Gospel Reading: Mk 5:21-43

When Jesus had crossed again in the boat to the other side, a large crowd gathered around him, and he stayed close to the sea. One of the synagogue officials, named Jairus, came forward. Seeing him he fell at his feet and pleaded earnestly with him, saying, “My daughter is at the point of death. Please, come lay your hands on her that she may get well and live.” He went off with him, and a large crowd followed him and pressed upon him.

There was a woman afflicted with hemorrhages for twelve years. She had suffered greatly at the hands of many doctors and had spent all that she had. Yet she was not helped but only grew worse. She had heard about Jesus and came up behind him in the crowd and touched his cloak. She said, “If I but touch his clothes, I shall be cured.” Immediately her flow of blood dried up. She felt in her body that she was healed of her affliction. Jesus, aware at once that power had gone out from him, turned around in the crowd and asked, “Who has touched my clothes?” But his disciples said to him, “You see how the crowd is pressing upon you, and yet you ask, ‘Who touched me?’ ” And he looked around to see who had done it. The woman, realizing what had happened to her, approached in fear and trembling. She fell down before Jesus and told him the whole truth. He said to her, “Daughter, your faith has saved you. Go in peace and be cured of your affliction.”

While he was still speaking, people from the synagogue official’s house arrived and said, “Your daughter has died; why trouble the teacher any longer?” Disregarding the message that was reported, Jesus said to the synagogue official, “Do not be afraid; just have faith.” He did not allow anyone to accompany him inside except Peter, James, and John, the brother of James. When they arrived at the house of the synagogue official, he caught sight of a commotion, people weeping and wailing loudly. So he went in and said to them, “Why this commotion and weeping? The child is not dead but asleep.” And they ridiculed him. Then he put them all out. He took along the child’s father and mother and those who were with him and entered the room where the child was. He took the child by the hand and said to her, “Talitha koum,” which means, “Little girl, I say to you, arise!” The girl, a child of twelve, arose immediately and walked around. At that they were utterly astounded. He gave strict orders that no one should know this and said that she should be given something to eat.

Reflection

Do not fear… only believe
There are two miracle stories intertwined in the Gospel, one of which is inserted in the middle of the main story. The two stories are linked by the theme of despair (also of fear), on the one hand, and that of faith and its effect, on the other. Jairus is on the brink of hopelessness, especially when told that his sick daughter has in fact already died. The hemorrhaging woman is in that same situation, having suffered for 38 years. Then comes Jesus whom they approach, but not without great difficulty because of the crowd. Showing great faith, both of them receive their wish: the woman gets cured, and Jairus’ daughter is brought back to life.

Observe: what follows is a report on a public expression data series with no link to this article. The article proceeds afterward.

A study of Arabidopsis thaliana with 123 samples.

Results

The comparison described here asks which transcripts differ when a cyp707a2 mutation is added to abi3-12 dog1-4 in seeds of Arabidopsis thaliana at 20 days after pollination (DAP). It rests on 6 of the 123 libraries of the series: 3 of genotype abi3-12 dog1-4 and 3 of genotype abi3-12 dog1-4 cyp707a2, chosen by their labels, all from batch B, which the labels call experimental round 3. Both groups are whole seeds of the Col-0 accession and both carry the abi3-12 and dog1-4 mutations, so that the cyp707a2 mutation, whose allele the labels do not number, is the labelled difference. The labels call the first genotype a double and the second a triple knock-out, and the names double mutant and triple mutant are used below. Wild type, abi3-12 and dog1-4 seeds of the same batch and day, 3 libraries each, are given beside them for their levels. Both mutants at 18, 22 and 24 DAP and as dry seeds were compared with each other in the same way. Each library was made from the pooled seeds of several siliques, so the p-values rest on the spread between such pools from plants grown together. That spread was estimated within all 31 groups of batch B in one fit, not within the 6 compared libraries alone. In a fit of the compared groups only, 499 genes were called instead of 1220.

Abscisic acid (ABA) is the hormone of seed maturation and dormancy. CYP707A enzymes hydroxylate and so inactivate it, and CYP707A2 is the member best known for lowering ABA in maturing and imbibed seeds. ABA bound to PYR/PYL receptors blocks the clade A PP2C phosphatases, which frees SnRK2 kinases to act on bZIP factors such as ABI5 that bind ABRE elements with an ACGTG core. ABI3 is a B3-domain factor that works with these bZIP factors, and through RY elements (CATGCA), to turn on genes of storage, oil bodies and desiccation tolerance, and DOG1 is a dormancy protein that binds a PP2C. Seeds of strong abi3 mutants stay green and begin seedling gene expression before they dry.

Both stories want to teach us that in times of hopelessness and fear we ought to strengthen our faith in the power of Jesus. For, as Jesus also says elsewhere, faith can move mountains, even if it seems as little as a mustard seed. In daily life, we often witness the great power of belief or faith, so that things that we thought impossible we are able to do.

And why is it that things seem impossible? We often think of our work as our very own project – that it all depends on us alone. But if we look at our tasks as a mission from God, or as part of God’s plan, then we start to look at them as joint projects with God and, therefore, rely not only on our own energies or capacities but also, and more so, on the Master with whom we work. In the end, we realize we are just co-workers with God in the projects we are undertaking.

God desires our healing, our well-being, and our happiness more than we can imagine. At the same time, God expects us to do our part especially in believing and trusting that God can do all things. There may be obstacles, doubts, and fears, as Jairus and the woman in the Gospel show, but if we do not allow ourselves to be overcome by them, then the power of Jesus effects the miracle we desire and brings us new life and hope.